What are the Differences Between a Misdemeanor and a Felony?
When you receive the results of a criminal records search, you may see misdemeanors and felonies listed differently. Though you’ve probably heard the terms “misdemeanor” and “felony” in the public sphere, you may not actually know the difference between them.
Knowing the difference between a misdemeanor and a felony is important when trying to interpret a criminal background. So, what should you know?
-Severity of a crime
-The level of violence involved
-Whether or not it’s a repeat offense
-Degree of punishment
Note: The following is a general summation of the differences between these two legal terms. When looking into specific charges and cases, you should verify things based on the actual laws of the state in which a crime occurred and/or was tried.
Differences in Severity
One of the most important differences when it comes to misdemeanors and felonies is the severity of the crime committed. In general, a felony is considered more severe than a misdemeanor. If someone’s convicted of a felony, it’s often because the court believes the crime is severe enough to merit a felony charge on that person’s record for potentially the rest of his or her life.
An individual may be able to clear certain misdemeanor charges from a record by following through on probation, fines or community service. However, felony charges often only clear with a direct order from the governor of a state. You’re more likely to see a felony charge on someone’s record for longer than a misdemeanor charge.
Differences in Violence
Sometimes, a person’s felony conviction happens because the individual committed a more violent crime. For example, murder is a felony charge, while littering may be a misdemeanor charge. If someone commits a violent act, that might be cause for a felony charge rather than a misdemeanor one.
Unfortunately, that’s not always the case. Some assault charges may be deemed misdemeanors, while in some states, even bad check writing could be a felony charge. Felony charges carry with them much stricter punishments and repercussions. But you can’t just assume that someone with a felony charge is violent, while someone with a misdemeanor charge is not.
Differences in Repetition
Sometimes, the difference between a misdemeanor and a felony lies in whether the individual has committed the misdemeanor before. For example, a first-time DUI may just be a misdemeanor. However, if the individual drives under the influence again, the second-time DUI may be a felony charge.
Again, this means you can’t know the severity of a crime based on whether someone’s charge is a felony or a misdemeanor. A DUI constitutes a serious charge whether it’s someone’s first time or repeated times. But its existence as either a felony or a misdemeanor may depend on a number of factors.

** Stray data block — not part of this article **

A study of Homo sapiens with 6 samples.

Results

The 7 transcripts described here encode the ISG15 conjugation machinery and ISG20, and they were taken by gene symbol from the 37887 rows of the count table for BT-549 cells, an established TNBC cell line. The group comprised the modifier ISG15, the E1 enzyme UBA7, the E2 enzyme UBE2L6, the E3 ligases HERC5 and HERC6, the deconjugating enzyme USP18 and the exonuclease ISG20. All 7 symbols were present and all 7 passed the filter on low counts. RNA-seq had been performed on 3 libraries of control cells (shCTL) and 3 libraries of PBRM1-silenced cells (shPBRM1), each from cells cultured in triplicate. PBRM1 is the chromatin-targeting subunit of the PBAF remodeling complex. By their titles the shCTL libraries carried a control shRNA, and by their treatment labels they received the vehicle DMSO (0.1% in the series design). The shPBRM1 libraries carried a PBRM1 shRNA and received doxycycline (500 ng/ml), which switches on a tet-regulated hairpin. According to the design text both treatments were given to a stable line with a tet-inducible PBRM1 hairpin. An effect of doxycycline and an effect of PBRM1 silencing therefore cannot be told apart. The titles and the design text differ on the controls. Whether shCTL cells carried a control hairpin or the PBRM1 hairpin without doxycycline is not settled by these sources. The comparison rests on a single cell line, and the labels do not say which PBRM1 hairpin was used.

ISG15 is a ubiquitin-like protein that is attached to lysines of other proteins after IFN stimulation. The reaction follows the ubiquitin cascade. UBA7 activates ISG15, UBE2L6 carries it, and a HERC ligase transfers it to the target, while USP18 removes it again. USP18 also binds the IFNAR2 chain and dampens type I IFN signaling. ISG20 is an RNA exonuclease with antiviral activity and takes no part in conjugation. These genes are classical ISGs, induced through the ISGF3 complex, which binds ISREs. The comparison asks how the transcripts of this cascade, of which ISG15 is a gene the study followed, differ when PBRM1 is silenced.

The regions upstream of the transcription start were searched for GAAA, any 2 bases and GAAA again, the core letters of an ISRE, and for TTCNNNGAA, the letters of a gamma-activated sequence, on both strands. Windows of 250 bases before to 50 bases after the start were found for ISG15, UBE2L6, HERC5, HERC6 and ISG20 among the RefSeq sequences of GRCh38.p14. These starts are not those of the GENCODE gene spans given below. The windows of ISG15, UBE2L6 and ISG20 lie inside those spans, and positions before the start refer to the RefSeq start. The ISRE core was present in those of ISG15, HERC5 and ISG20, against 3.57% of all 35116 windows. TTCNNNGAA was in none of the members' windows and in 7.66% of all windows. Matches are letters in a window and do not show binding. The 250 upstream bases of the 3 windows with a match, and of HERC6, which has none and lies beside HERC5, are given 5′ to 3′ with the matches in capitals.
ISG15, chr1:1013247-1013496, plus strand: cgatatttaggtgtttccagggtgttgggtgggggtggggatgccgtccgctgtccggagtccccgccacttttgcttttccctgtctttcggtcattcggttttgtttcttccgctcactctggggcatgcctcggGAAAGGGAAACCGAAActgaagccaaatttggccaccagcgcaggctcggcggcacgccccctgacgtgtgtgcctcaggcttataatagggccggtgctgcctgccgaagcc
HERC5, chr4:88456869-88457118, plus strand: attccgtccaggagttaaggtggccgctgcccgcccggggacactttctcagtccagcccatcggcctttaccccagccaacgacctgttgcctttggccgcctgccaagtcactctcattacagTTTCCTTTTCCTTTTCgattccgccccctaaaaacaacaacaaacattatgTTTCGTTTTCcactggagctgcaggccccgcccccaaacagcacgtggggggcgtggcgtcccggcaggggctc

Differences in Punishment
Another big difference between a felony and a misdemeanor has to do with the differences in respective punishments. Because many felonies are more severe than misdemeanors, they also come with more severe punishments. That includes both immediate punishments and punishments that have a serious impact on the individual’s future.
When convicted of a felony, many people lose certain rights for at least a few years. Depending on the felony and the state, that may include losing the right to serve on a jury and the right to vote. Misdemeanors tend to come with fines, community service, and probation.
Know More About Anyone You Meet
Misdemeanors and felonies have very different connotations in both legal and social circles. However, it’s not enough to know whether someone’s received a misdemeanor or felony charge. Someone with a felony charge may be completely nonviolent, while someone with a misdemeanor charge may have violent tendencies.
Rather than having to rely on a simple marker of whether or not someone has a felony charge, a criminal records search may be able to give you access to the fuller story. It might show information on whether the charge was a misdemeanor or a felony, as well as information about whether the system dropped charges on a person after assigning them.
In today’s world, you can never be too careful. It’s important to know more about the people you spend time with, whether that person is a romantic partner, a family friend, or even just a neighbor. The difference between a misdemeanor and a felony charge may be substantial.
But it’s more important to know that the people you spend time with aren’t violent, rather than knowing if those people have certain types of criminal records. Instead of needing to trust your gut or trust what someone’s telling you, just use PeopleFinders to try and learn more about the people you know.